The men - and one woman - from the Lions of the Tigris unit gathered on Wednesday in Shayyalah al-Imam, a village near Mosul, with some of their leaders expressing deep distrust of the politicians and saying Iraq's governance must change once Daesh is defeated.
"Iraq needs serious reforms," said Sheikh Mohammed al-Jibouri, the top commander of the tribesmen. "Only serious reforms will lead to the unity of Iraq."
The unit is part of the Popular Mobilisation Committee, or Hashid Shaabi, which was formed to take on Daesh after the hardline Sunni group swept through northern Iraq in 2014, facing little resistance from the army.
Hashid Shaabi is mostly comprised of Shi'ites but there are also Sunnis, such as the 655-strong Lions of the Tigris unit.
Their efforts along with government soldiers to capture several villages are part of an offensive to oust Daesh from its stronghold of Mosul, Iraq's second largest city.
On the surface, their participation lends credibility to the Shi'ite-led government in Baghdad, accused by Sunnis of marginalising their minority community. It denies the accusation.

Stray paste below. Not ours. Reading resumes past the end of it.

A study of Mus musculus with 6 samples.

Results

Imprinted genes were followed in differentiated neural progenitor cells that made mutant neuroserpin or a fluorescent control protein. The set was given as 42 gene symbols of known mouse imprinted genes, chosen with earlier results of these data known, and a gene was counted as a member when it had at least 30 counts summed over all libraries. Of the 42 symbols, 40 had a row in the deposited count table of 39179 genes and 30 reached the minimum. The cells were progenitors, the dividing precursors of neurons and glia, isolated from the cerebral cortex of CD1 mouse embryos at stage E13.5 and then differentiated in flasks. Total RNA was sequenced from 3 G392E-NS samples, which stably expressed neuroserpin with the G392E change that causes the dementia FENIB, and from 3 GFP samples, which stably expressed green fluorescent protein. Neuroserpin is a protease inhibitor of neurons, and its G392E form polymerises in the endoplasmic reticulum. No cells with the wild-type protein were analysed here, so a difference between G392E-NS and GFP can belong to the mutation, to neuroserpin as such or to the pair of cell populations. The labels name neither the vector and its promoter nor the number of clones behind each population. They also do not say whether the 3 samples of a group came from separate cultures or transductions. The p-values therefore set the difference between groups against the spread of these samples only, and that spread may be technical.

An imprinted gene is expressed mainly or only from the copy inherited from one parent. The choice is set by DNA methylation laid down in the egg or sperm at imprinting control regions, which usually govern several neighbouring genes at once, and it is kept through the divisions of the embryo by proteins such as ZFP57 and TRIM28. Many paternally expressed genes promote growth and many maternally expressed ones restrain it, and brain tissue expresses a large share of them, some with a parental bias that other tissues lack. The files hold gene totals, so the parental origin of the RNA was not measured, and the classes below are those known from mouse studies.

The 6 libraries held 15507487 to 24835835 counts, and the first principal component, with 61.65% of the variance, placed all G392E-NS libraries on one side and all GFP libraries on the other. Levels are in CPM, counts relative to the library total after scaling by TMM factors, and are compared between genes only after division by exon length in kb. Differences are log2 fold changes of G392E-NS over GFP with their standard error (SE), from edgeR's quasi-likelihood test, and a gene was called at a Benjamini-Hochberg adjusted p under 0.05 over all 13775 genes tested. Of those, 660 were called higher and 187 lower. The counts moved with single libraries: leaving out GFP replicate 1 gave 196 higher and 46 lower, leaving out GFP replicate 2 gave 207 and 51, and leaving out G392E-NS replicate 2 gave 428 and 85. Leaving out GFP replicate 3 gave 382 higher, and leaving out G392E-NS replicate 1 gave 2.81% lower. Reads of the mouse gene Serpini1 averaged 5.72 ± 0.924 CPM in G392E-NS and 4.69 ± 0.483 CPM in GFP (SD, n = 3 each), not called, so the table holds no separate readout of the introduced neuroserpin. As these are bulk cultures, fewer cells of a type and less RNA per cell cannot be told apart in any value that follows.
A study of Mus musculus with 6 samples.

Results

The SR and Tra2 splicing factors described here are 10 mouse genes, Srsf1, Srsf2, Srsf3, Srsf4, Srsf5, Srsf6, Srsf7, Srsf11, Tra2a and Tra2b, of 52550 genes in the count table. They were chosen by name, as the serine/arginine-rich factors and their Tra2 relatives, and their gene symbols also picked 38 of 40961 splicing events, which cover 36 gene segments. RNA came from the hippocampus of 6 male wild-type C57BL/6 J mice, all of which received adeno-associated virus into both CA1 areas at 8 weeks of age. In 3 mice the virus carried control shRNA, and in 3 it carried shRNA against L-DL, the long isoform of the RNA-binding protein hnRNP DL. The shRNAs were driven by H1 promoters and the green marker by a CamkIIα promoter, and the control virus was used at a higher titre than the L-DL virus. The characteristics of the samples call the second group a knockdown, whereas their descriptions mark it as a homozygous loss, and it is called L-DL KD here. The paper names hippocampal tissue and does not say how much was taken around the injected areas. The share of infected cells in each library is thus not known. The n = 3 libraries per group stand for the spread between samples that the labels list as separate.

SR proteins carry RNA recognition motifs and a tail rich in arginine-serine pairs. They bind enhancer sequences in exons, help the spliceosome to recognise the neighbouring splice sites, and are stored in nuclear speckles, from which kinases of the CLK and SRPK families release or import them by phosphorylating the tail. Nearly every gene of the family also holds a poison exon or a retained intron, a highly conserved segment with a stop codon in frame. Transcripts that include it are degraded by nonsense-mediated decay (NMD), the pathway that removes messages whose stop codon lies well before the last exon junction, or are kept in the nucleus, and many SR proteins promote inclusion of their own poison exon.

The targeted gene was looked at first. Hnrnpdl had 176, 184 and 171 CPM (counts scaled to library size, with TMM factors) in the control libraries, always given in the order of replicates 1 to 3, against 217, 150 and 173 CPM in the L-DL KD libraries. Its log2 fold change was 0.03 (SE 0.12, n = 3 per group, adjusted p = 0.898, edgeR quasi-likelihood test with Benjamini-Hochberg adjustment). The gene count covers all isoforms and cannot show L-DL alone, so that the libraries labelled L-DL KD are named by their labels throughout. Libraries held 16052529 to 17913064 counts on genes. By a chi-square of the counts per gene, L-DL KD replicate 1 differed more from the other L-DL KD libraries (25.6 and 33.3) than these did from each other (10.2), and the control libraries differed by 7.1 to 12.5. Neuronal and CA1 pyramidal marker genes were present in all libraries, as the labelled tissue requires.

Prime Minister Haider al-Abadi has been struggling to persuade Sunni tribesmen who helped U.S. forces defeat Al Qaeda during the 2003-11 occupation to join the battle against Daesh He has declared a war on corruption in government and army but faces resistance.
The show of force in Shayyalah al-Imam points to progress, with soldiers and tribesmen standing side-by-side.
But some of the men doubted the politicians have the resolve or desire to unify Iraq, gripped by sectarian bloodshed since the U.S.-led invasion toppled Saddam Hussein.
Another tribal commander, Abdel Rahman Ali, even saw Daesh as part of an elaborate plot to weaken Sunnis, underlining the pervasive mistrust in Iraq.